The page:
MMMMM----- Recipe via Meal-Master (tm) v8.04
       Title: Classic Country-Style Hearth Loaf Part 1
  Categories: Polkadot, Faylen, Bread:yeast
       Yield: 1 Loaf
       4 oz Water
     1/2 ts Dry yeast
     3/4 c  Flour
      20 oz Water
     1/2 ts Yeast
   6 1/4 c  Flour
       1 tb Sea salt
   Make the Poolish:  Mix 4 oz water and 1/2 teaspoon yeast in a medium
   bowl. Let stand for 1 minute, then stir with a wooden spoon to
   dissolve yeast.  Add the flour.  Stir until the consistency of a
   thick batter. Continue stirring for about 100 strokes or until the
   strands of gluten come off the spoon when you press the back of the
   spoon against the bowl.  Scrape down the sides of the bowl with a
   rubber spatula.   Cover with a clean damp towel or plastic wrap, and
   place in a moderately warm, draft-free place until mixture is bubbly
   and has increased in volume.
   The longer the poolish sits, the more time it has to become vigorous
   and permeated with the unmistakable aroma of wheaty fermentation.
   This will give your breads full body and a rich nutlike flavor.
   During a long fermentation, the poolish may rise and fall; as long as
   it’s bubbling, don't be concerned about the volume.
   A delicious alternative to a poolish fermented at room temperature is
   an even slower, cooler fermentation for 12-15 hours in the
   refrigerator. The poolish will bring even greater flavor and moisture
   to your final dough, and its yeast cells, having been retarded by the
   cool temperature, will bring hungry vigor to the fermentation.  Allow
   the cold poolish to come to room temperature before using, about 2
   Mix and knead the final dough:  Measure out the remaining ingredients.
   Bring the bowl with the poolish to your work space.  the poolish
   should be soupy, bubbly, and puffy and it should have a wheaty aroma.
    Scrape the poolish into a large 6-quart bowl.
   Add the water and yeast.  Break up the poolish well with a wooden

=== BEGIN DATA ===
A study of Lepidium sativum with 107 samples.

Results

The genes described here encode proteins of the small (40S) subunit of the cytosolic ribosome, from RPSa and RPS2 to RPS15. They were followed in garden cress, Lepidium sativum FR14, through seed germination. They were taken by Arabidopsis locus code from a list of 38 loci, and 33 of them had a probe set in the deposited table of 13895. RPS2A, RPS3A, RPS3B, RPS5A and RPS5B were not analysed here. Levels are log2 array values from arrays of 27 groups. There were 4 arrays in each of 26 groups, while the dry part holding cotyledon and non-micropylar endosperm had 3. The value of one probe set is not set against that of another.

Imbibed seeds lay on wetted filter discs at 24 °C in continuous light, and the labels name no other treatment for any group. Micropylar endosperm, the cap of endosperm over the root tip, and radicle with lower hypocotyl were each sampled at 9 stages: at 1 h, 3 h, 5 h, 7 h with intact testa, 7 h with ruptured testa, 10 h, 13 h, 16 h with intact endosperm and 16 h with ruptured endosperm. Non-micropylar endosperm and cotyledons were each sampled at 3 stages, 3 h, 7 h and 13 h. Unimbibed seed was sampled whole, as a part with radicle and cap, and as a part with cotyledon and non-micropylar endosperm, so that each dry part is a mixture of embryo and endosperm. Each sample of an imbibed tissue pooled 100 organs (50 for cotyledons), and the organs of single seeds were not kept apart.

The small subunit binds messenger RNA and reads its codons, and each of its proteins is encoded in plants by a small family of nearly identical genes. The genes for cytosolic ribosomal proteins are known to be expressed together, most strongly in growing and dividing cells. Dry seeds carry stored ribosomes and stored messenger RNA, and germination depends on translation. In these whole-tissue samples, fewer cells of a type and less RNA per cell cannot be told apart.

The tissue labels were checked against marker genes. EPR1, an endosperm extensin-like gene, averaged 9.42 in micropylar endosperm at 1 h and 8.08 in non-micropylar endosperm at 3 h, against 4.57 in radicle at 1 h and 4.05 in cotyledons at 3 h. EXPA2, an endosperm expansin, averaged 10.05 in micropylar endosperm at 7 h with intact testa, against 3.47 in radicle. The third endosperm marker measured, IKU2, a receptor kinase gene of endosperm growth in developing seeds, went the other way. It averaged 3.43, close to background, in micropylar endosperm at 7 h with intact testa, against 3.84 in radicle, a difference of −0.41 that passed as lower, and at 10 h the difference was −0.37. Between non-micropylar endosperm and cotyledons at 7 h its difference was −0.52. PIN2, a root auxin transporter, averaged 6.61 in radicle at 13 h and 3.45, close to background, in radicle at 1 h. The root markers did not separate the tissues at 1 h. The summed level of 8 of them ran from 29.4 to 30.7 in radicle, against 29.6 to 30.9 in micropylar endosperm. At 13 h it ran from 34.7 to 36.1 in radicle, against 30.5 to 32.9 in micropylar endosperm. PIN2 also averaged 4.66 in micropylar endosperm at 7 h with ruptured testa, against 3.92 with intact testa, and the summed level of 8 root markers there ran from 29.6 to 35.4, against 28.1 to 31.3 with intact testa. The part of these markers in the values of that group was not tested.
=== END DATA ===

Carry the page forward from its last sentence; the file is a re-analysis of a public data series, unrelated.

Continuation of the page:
spoon and stir until it loosens and the mixture foams slightly.  Add
   1 cup (5 ounces) of the flour and stir until well combined.  Add the
   salt and only enough of the remaining flour to make a thick mass that
   is difficult to stir.
   Turn out ont a well-floured work surface.  The dough will be quite
   sticky at first and difficult to work with.  Dip your hands in flour
   to prevent them from sticking.
   Knead the dough by pushing it down and forward with the heel of one
   hand, then pulling back from the top and folding the dough over with
   the other.  The dough may be very sticky at first, and it will help
   to push the dough forward with the heel fo one hand and fold it over
   using a dough blade.  Gradually add the remaining flour as you work
   the dough and knead vigorously for 15-17 minutes.  If the dough
   remains wet and sticky, it may be necessary to knead in additional
   As the dough develops, it will become smooth, elastic, and strong.
   You will feel the gluten strengthening, making the dough more
   difficult to knead.  Don't be afraid to really work the dough.  Match
   your muscle with that of the gluten.  Use your legs and knees to help
   you create a forward and back motion with the dough.  As you work,
   adding more flour as you go, the dough will become smooth, satiny,
   slightly sticky.  It is a common mistake to add too much flour to a
   dough, making it practically dry.  Don't be afraid to end up with a
   slightly tacky dough.  As long as the dough doesn't stick excessively
   to the work surface, it’s not too wet.  There are three good ways to
   tell if the dough is well kneaded: 1.  Pull a little dough from the
   mass and let it go.  If is springs back quickly, it’s ready.  2.
   Press your finger into the dough and remove it.  If the dough springs
   back, it’s ready.  3.  Shape the dough into a ball.  If it holds its
   shape and does not sag, it’s ready.
   From: Faylen
   Date: 05-01-96 (09:04)
   The Polka Dot Cottage, a BBS with a taste of home.  1-201-822-3627.